Believe it or not — and you probably will — the Chucky films aren’t really all that great. Having just rewatched Childs Play 1 to 3, Bride of Chucky and Seed of Chucky I can tell you that the movies really just went from fun to bad. The original is OK, with 2 and 3 being the films you remember because they’re better executed. Bride and Seed are idiotic beyond belief and the entire series as a whole just doesn’t stand up to its legend.
The main problem, especially with the last two films, is that they tried to add camp to a movie about a psychotic, murdering doll. It’s already camp! You don’t have to push it beyond what it already is and thus ditch the actual creepiness of a killing doll. Curse of Chucky finally realizes this and returns the series to its heyday, and possibly better. By grounding the film in a haunted house-style horror movie and making Chucky a creepy doll again while still maintaining the warped humor that the first three films had it may deliver the best film in the franchise.
Curse of Chucky
Director: Don Mancini
Release Date: September 24, 2013
Don Mancini, who has spent his entire career writing nothing but Chucky movies, returns again to the franchise and steps in again as director as he did with Seed of Chucky. What’s so odd about this is that Curse of Chucky is incredibly restrained compared to his last two Chucky films. Instead of the absolutely ridiculous, we get disturbingly odd. I’m not sure what came over Mancini to steer him away from making Chucky a joke about himself, but I’m glad he did because it makes it work again.
Curse of Chucky is appropriately a throwback to the older Child’s Play films since it’s practically a reboot of the franchise. While hints of the previous films are still there we get a new looking Chucky who is devoid of scars and a brand new family who seems to have nothing to do with the killer doll. Chucky shows up in a box on the doorstep of the wheelchair-bound Nica’s (Fiona Dourif) house. It’s a creepy old mansion straight out of a cliche ghost movie where she lives with her mother. Then her mother mysteriously dies. Enter her overbearing sister, her daughter, the daughter’s nanny, the sister’s husband, and a priest and you’ve got a perfect gallery of characters ready for the slaughtering.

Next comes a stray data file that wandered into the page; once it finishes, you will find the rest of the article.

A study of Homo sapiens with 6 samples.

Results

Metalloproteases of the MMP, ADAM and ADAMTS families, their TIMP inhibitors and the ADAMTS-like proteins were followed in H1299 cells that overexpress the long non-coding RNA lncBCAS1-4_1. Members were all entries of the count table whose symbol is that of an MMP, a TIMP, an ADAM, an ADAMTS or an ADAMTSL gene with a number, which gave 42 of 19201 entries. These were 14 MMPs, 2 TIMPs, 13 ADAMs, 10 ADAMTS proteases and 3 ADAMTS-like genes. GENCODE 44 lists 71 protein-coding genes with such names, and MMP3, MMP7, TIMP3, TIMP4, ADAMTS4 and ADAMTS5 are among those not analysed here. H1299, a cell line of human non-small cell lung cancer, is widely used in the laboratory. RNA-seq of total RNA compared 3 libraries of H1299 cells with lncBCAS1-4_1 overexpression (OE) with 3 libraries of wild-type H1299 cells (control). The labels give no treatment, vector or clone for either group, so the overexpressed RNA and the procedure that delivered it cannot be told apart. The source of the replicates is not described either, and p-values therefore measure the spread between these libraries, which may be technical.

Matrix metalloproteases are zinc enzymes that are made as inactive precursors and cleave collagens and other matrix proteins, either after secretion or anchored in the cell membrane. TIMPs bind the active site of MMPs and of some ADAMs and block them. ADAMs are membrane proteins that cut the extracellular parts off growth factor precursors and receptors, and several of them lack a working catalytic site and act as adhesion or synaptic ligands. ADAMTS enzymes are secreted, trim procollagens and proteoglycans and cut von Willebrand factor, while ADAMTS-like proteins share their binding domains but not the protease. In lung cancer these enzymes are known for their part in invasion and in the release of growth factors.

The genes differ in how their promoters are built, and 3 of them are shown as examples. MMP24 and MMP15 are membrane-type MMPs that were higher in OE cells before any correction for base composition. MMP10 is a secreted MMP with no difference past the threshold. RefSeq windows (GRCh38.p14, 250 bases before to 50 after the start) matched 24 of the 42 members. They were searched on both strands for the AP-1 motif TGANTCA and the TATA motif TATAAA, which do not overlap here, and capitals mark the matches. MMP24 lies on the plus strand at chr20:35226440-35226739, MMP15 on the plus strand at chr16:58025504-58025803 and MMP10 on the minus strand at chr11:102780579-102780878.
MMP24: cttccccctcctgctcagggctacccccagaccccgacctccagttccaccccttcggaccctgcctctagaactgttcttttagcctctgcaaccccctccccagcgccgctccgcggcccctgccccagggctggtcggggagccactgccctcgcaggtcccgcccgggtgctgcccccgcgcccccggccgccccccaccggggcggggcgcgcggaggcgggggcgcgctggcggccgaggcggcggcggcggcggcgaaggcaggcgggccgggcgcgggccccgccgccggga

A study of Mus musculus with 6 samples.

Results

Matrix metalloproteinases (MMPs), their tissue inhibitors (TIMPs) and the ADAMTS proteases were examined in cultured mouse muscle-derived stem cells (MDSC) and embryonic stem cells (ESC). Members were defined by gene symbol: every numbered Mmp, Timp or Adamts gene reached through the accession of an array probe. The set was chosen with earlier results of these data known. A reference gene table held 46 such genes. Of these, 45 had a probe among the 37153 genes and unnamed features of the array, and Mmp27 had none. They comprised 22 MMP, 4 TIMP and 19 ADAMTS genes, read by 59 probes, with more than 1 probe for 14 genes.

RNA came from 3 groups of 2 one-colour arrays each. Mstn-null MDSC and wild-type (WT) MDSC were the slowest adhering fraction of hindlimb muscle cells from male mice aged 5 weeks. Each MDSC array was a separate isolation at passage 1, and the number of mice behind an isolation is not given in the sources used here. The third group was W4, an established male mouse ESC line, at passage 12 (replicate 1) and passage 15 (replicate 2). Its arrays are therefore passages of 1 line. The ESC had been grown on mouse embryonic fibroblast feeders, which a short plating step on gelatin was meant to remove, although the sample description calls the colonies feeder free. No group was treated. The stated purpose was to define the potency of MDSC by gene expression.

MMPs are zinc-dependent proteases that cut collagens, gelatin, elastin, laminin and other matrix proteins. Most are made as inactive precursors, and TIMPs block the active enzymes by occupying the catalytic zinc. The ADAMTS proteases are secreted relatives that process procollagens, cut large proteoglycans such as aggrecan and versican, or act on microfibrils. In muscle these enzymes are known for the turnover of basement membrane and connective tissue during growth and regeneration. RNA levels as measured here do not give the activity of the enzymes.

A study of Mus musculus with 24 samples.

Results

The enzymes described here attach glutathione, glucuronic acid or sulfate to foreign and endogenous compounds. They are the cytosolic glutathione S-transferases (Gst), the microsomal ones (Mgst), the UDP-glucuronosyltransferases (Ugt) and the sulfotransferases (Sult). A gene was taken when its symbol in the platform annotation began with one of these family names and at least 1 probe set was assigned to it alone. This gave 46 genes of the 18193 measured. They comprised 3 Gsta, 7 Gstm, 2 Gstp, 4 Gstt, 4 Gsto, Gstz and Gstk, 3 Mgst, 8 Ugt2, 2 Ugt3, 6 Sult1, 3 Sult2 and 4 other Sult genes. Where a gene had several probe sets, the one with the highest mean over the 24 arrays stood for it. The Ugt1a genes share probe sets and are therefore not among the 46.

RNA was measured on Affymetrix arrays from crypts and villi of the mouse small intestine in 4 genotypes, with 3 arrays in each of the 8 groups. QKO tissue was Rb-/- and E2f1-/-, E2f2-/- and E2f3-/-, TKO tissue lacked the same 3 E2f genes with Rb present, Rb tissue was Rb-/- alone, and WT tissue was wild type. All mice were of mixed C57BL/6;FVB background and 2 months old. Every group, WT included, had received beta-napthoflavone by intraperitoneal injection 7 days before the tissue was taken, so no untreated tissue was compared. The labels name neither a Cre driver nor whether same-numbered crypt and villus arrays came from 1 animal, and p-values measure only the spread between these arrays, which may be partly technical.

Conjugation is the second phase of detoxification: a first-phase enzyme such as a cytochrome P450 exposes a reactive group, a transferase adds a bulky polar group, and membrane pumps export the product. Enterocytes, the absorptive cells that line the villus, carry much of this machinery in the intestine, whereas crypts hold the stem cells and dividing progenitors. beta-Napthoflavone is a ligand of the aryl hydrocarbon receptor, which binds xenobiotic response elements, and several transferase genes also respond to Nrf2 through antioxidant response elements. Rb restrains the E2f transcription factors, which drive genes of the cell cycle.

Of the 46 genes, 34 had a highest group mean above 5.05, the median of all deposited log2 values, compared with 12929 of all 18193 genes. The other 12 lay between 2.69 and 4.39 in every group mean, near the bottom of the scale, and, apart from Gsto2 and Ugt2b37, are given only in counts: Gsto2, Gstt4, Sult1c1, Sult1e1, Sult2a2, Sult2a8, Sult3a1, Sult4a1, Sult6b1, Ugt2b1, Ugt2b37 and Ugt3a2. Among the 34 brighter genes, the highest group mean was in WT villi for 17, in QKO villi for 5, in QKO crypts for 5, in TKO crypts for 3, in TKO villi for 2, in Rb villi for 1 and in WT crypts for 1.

What Chucky does well is play with the classic setting while turning some conventions upside down. The haunted house is a perfect location for a knife-wielding doll and it keeps the story tight and focused on the killing. The screenplay also smartly veers here and there, actually upending your expectations every so often. While I wouldn’t call the movie revolutionary in the horror genre the attempts to twist in a different direction do work. It also plays it smart with Chucky, keeping his talking to a minimum so that when he does drop a groan-worthy one-liner it’s a great kicker and not an annoying cliche. The foul-mouthed doll had delivered so much exposition in the last two films that hearing him talk wasn’t fun anymore.
Mancini also keeps things impressively real. Instead of leaning all digital with Chucky he uses digital effects sparingly, and mostly for drastic facial expressions. This gives Chucky a creepy puppet-like quality that makes him scary again. There’s definitely some digital work going on here, but it’s used for small things like Chucky’s pupils creepily dilating. A lot of the gore work is fantastic and digital blood, one of the great downfalls of modern horror films, is either really well done or not present at all.
The Blu-ray comes with a rated and unrated version, which is odd since there was no theatrical release for a rated version to be necessary, but the unrated just comes with less gore. Not sure why you would watch the rated version at all since the unrated is what delivers the superior product. There’s also a ton of extra features on there to dig through. The real surprising thing is that the box set of all the Chucky films just released includes the new one so you don’t have to lay down extra bucks to get the complete collection. A surprising deal from an industry that nickles and dimes almost everything.
I won’t say that Curse of Chucky is a horror classic, but by playing with Chucky’s conventions while also filling out the Chucky lore it definitely delivers better than any other Chucky film out there. Putting the character into a quickly paced haunted house story makes him work again, and while the ending (watch until after the credits) only leaves a small chance of Chucky’s survival (spoiler?) he’s definitely survived much worse. Unlike the characters in the film (and myself after the last two movies) I’d be happy to see Chucky return again.